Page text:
The discovery went unnoticed by the crowds of children and adults eating ice cream and pressing around animal cages just a few hundred yards away."Here's a skull," said foreman Vladimir Allik, pointing to a yellowish, half-preserved remnant and a small heap of bone fragments on a metal plate. "And there's another one, over there."

Allik's crew said they dug up at least 10 sets of remains Thursday, some with what appeared to be bullet holes. The site is at the edge of the grim, aging zoo compound in central Moscow.

Officials from the district prosecutor's office, who ordered work to be stopped, suspect the bones might belong to victims of Stalinist purges in the 1930s.

"It looks like it, but we cannot be sure. At the moment, we can't even say how old the bones are or whether these are actually bullet holes. We've sent the bones to forensic experts," said Igor Koniushkin, acting district prosecutor.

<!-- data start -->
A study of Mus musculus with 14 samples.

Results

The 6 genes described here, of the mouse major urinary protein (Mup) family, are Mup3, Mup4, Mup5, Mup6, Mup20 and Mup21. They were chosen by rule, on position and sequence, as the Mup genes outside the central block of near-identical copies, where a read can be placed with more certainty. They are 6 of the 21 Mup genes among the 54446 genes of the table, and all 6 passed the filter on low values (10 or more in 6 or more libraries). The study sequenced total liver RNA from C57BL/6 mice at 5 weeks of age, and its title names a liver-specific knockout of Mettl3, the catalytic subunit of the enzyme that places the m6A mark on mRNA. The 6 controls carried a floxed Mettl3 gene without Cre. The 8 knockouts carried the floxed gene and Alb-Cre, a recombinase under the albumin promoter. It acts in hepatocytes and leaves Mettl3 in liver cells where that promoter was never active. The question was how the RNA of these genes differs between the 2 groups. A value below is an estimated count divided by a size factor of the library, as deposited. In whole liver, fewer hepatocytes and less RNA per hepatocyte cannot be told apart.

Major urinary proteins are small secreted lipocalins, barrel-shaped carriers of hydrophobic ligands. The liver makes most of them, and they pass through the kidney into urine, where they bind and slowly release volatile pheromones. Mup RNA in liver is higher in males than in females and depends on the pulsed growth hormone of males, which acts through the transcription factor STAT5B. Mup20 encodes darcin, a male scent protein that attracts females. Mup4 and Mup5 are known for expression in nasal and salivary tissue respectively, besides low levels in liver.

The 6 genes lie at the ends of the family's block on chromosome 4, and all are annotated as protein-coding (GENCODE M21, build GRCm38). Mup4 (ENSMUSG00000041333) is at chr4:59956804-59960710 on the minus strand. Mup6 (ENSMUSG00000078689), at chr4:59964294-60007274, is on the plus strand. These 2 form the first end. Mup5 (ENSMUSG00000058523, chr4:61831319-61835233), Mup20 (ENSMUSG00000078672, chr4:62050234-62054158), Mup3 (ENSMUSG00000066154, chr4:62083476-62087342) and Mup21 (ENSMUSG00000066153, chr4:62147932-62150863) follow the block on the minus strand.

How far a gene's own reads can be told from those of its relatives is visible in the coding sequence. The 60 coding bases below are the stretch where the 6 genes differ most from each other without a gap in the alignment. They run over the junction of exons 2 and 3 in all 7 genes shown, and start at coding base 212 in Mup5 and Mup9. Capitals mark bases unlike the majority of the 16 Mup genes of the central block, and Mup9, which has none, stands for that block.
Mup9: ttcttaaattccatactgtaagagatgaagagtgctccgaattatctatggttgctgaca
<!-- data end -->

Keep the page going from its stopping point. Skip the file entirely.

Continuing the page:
The Soviet dictator killed millions of people in labor camps and secret police dungeons. Tens of thousands were executed in city prisons, then dumped in unmarked mass graves or brought covertly to graveyards.

Mass graves have been turning up in recent years, including one found recently in an entertainment center in downtown Vilnius, the Lithuanian capital. Authorities believe thousands of bodies of Lithuanians executed by Soviet secret police are buried beneath the street of Vilnius.

As many as 28,000 bodies of political prisoners are believed buried in Butovo, a former killing field on the southern edge of Moscow, and another 16,000 at the nearby Kommunarka state farm, according to Russian officials.

Those at Kommunarka were mostly employees of the KGB's forerunner, the NKVD, which turned against itself in the mounting wave of terror.

The workers at the Moscow Zoo say at least some of the skulls had single bullet wounds, an NKVD trademark.